Monday, July 23, 2007

Coloring a Kitchen Green

I've started showing the finished house and I seem to get the same question, "what makes this kitchen green?" I decided to highlight the features here as it may help guide others as they choose which elements to incorporate in their renovation projects.

In short, creating a green kitchen is all about: energy efficiency, non-toxicity/healthy environment, responsibility, and livability.

This renovated kitchen incorporates all of those features in the following ways:

Energy Efficiency

All appliances are top energy-star rated. The environment makes best use of HVAC efficiency and insulation that is present throughout the house. It was tested for leakage and great care was given to reduce waste.

Windows are Marvin’s Integrity, energy efficient line.

Non-Toxicity and Healthy Living

All paints, finishes and adhesives were mostly non-toxic. That includes the paints (Yolo, Benjamin Moore Aura, and American Pride). The Alder cabinetry was stained with non-toxic water-based stain from Unaxol (see last post).


That comes from having a size-appropriate space where the concept of “smaller is more beautiful,” comes to life.

All of the wood is FSC compliant, which means that it was harvested in an ecologically responsible manner. The white maple floors are pre-engineered from EcoTimber.

The glass backsplash is from Artistic Tiles which prides itself on being socially and ecologically responsible in the production of its materials.

The countertops are French limestone and were “reject material” from another job. Part of being responsible is to reuse, recycle and re-craft current materials whenever possible. The breakfast countertop is a “reuse” of tabletop that was re-fabricated and now has a new purpose as a small desk and breakfast countertop.

Separating the open kitchen floorplan from the great room is a glass material that again is considered ecologically friendly, from 3-Form, The product is called pineapple weave and is recycled glass and natural materials sandwiched together in an usual and appealing way.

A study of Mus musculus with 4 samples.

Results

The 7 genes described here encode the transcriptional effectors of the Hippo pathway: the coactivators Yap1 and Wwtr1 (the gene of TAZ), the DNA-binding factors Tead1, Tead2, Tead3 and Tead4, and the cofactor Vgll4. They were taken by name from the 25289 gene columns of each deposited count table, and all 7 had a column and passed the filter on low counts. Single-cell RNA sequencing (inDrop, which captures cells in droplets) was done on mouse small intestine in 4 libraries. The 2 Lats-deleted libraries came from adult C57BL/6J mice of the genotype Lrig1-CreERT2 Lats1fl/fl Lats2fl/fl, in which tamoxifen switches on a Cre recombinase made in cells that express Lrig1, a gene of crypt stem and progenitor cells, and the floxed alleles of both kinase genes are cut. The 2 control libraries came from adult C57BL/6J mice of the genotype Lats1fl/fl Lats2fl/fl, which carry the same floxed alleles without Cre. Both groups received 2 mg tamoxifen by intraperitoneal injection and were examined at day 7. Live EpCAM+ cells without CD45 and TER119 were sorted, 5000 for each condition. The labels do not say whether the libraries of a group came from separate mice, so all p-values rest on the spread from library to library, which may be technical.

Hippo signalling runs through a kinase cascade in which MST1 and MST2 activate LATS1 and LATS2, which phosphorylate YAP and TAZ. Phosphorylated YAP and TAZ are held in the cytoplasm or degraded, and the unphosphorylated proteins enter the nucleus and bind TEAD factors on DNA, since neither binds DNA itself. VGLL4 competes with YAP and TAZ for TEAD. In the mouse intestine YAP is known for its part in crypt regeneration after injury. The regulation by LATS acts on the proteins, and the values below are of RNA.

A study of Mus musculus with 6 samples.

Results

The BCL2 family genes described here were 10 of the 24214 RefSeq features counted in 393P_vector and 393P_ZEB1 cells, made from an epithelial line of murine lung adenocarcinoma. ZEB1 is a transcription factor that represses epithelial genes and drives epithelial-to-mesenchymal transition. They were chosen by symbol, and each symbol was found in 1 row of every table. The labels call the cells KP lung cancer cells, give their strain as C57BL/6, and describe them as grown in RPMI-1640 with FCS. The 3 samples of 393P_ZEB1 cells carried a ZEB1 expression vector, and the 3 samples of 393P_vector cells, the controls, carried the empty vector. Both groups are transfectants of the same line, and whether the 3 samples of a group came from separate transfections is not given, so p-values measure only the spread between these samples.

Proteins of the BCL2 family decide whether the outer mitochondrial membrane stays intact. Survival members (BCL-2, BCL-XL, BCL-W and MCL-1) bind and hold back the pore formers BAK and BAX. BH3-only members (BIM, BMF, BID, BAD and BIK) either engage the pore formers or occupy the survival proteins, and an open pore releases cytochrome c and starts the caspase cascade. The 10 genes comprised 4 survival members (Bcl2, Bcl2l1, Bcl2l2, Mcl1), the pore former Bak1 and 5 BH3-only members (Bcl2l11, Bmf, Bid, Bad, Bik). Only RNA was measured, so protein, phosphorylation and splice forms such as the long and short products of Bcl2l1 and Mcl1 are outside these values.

The pantry countertop, from Eurostone (, is a composite material that is made up of the fragments of granite that fall to the floor and are thrown away. This product collects that refuse and crafts it into a luxurious “granite-like” material.

Water demand is met by a Nortiz tankless water heater and an on-demand hot water generator at the faucets from Both save water and cost the homeowner less to operate.


Being green does not mean giving up livability. This kitchen and baker’s pantry were designed to meet all the needs of cooking, entertaining, and living. Great care was given to mapping out all of the various functions and then providing the necessary space and materials to fulfill on those expectations. In doing so, use of space was carefully considered and only materials were used that would have minimum impact on our environment.

Monday, July 16, 2007

Finishing Touches

I realize that I’ve been away from my “green house journal” for a while. I’ll blame it on wanting to unpack fully. As well, I had the first of many houseguests who are staying with me over the summer. I wanted to make sure the place “showed” well.

I do have many observations that come with living in the space and I’ll try to capture them here for my new few blogs.

Today’s topic: water-based stain and lacquer.

I remember early on in the project, I had a wood finisher who gave me an estimate on some furniture repair. She was very interested in my green project and asked for a tour. As we went though the plans and ideas, she asked about cabinet finishes. What followed was a very interesting discussion between her and my contractor, whose first love is cabinetry. As it turns out, they both agreed that this was the one area that the products are disappointing. While it is true that some of the most harmful and toxic elements that one encounters in a home is what they use to seal wood, there’s a reason for the products. Wood floors, cabinets have to stand up to wear and as such, the process for doing so seems to require caustic products. Any alternative, to date, as been outrageously labor intensive and therefore cost prohibitive.

Well, I was determined to find a solution and I trusted that Cemil’s cabinetry perfectionism wouldn’t let me trade off too much in aesthetics or performance. We settled on Unaxol, distributed in the U.S. by And while the aesthetics are initially acceptable….. even, dare I say natural, there are some cautionary notes.

First, I noticed that during installation there was evidence of more dings than there should have been. Cemil was very careful, but this eco-friendly product requires more care than non-eco finishes. While it’s only been a month since I’ve been living in my new environment, I can already tell that the wood cabinets won’t hold up as well to scrubbing as the toxic alternatives. It means, that I will have to take a bit more care when cleaning up the cabinets. I will also keep a can of the stain handy in order to touch up any worn spots.